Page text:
Heat Health Watch

 

Heat-Health Watch Period commenced on 1 June 2018 and will run until the 15 September 2018.  The Met Office (link here) monitor the situation and periodically send weather updates / predictions to nominated Devon County Council Officers.

The ‘Heat-Health watch’ system comprises of five levels of response, based on regional threshold day and night-time temperatures as defined by the Met Office.

Threshold temperatures for the South West region are 30 degrees C daytime and 15 degrees C night-time.

Level 0: Long-term planning to reduce risk from heatwaves – Long-term planning includes year-round joint working to reduce the impact of climate change and ensure maximum adaptation to reduce harm from heatwaves. This involves influencing urban planning to keep housing, workplaces, transport systems and the built environment cool and energy efficient. Long‑term heatwave planning is a key consideration highlighted in the National Adaptation Programme (NAP), which sets out actions to address the risks identified in the UK Climate Change Risk Assessment.

Level 1: Heatwave and summer preparedness – Summer preparedness runs from 1 June to 15 September when a Level 1 alert will be issued. The heatwave plan will remain at Level 1 unless a higher alert is triggered. During the summer months, social and healthcare services need to ensure that awareness and background preparedness are maintained by implementing the measures set out in the heatwave plan.  (THIS IS OUR CURRENT LEVEL).

Level 2: Heatwave is forecast – Alert and readiness – This is triggered as soon as the Met Office forecasts that there is a 60 per cent chance of temperatures being high enough on at least two consecutive days to have significant effects on health. This will normally occur 2 to 3 days before the event is expected. As death rates rise soon after temperature increases, with many deaths occurring in the first two days, this is an important stage to ensure readiness and swift action to reduce harm from a potential heatwave.

Level 3: Heatwave action – This is triggered as soon as the Met Office confirms that threshold temperatures have been reached in any one region or more.  This stage requires specific actions targeted at high-risk groups.

Level 4: National emergency – This is reached when a heatwave is so severe and/or prolonged that its effects extend outside health and social care, such as power or water shortages, and/or where the integrity of health and social care systems is threatened. At this level, illness and death may occur among the fit and healthy, and not just in the high-risk groups and will require a multi sector response at national and regional levels.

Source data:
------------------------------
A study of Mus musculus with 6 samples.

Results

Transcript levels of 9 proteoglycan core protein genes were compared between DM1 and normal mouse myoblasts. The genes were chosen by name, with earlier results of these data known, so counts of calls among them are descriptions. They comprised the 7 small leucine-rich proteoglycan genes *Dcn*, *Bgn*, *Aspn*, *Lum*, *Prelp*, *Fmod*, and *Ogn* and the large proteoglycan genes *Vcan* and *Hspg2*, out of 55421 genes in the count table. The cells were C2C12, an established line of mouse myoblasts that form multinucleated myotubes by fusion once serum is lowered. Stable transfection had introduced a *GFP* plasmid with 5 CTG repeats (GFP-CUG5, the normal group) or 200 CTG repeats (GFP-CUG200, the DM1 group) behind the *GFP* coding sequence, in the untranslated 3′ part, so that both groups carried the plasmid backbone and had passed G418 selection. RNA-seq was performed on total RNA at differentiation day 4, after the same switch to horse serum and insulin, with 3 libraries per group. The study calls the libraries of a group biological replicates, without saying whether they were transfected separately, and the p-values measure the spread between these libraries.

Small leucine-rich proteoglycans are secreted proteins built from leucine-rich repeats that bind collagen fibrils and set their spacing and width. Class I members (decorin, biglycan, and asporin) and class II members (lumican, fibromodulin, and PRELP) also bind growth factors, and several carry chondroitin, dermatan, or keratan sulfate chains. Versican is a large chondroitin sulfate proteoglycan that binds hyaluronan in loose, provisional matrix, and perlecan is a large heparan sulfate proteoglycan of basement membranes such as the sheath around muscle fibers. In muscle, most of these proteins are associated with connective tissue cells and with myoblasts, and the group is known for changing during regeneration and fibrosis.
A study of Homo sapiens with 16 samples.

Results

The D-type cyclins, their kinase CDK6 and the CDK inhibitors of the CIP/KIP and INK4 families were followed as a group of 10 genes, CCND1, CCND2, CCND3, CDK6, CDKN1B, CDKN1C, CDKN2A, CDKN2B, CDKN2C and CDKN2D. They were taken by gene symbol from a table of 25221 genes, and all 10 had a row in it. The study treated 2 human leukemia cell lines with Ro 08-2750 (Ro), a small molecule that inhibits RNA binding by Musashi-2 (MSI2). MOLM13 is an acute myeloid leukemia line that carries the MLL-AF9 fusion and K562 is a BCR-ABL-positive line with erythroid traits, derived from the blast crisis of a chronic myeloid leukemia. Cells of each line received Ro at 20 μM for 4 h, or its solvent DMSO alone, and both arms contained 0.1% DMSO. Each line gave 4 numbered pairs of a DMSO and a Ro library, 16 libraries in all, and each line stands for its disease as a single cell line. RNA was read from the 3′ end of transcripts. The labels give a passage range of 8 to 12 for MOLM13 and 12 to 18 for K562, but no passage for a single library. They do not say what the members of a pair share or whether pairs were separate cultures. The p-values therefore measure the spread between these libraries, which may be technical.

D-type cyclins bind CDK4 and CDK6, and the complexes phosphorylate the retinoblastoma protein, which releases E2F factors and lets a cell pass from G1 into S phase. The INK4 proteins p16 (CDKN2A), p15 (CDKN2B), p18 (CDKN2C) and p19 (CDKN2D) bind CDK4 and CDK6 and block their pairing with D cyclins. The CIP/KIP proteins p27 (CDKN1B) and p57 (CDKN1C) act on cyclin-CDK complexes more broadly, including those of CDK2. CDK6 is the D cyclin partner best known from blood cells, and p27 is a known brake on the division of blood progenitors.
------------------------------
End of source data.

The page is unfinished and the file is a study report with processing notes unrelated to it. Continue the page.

The decision to go to a Level 4 is made at national level and will be taken in light of a cross-government assessment of the weather conditions, co-ordinated by the Civil Contingencies Secretariat (Cabinet Office).

To provide up-to-date guidance and advice on a potential heatwave, the Heatwave Plan and associated Leaflets can be found below, these documents can also be found here:

High-risk factors and vulnerable groups of people
There are certain factors that increase an individual’s risk during a heatwave, these include:

  • older age: especially over 75 years old, or those living on their own who are socially isolated, or in a care home
  • chronic and severe illness: including heart conditions, diabetes, respiratory or renal insufficiency, Parkinson’s disease or severe mental illness.  Medications that potentially affect renal function, the body’s ability to sweat, thermoregulation (eg psychiatric medications) or electrolyte balance (diuretics) can make this group more vulnerable to the effects of heat
  • infants are vulnerable to heat due to immature thermoregulation, smaller body mass and blood volume, high dependency level, dehydration risk in case of diarrhoea
  • homeless people (those who sleep in shelters as well as outdoors) may be at increased risk from heatwaves. Higher rates of chronic disease (often poorly controlled), smoking, respiratory conditions, substance dependencies and mental illness are more frequent homeless populations than in the general population. These risk factors increase the risks of heat related morbidity and mortality, on top of social isolation, lack of air conditioning, cognitive impairment, living alone and being exposed to urban heat islands
  • people with alcohol dependence and drug dependence often have poorer overall health and increased social isolation which can increase their risk of heat stress
  • inability to adapt behaviour to keep cool such as having Alzheimer’s, a disability, being bed bound, drug and alcohol dependencies, babies and the very young
  • environmental factors and overexposure: living in urban areas and south-facing top-floor flats, being homeless, activities or jobs that are in hot places or outdoors and include high levels of physical exertion, children and adults taking part in organised sports (particularly children and adolescents).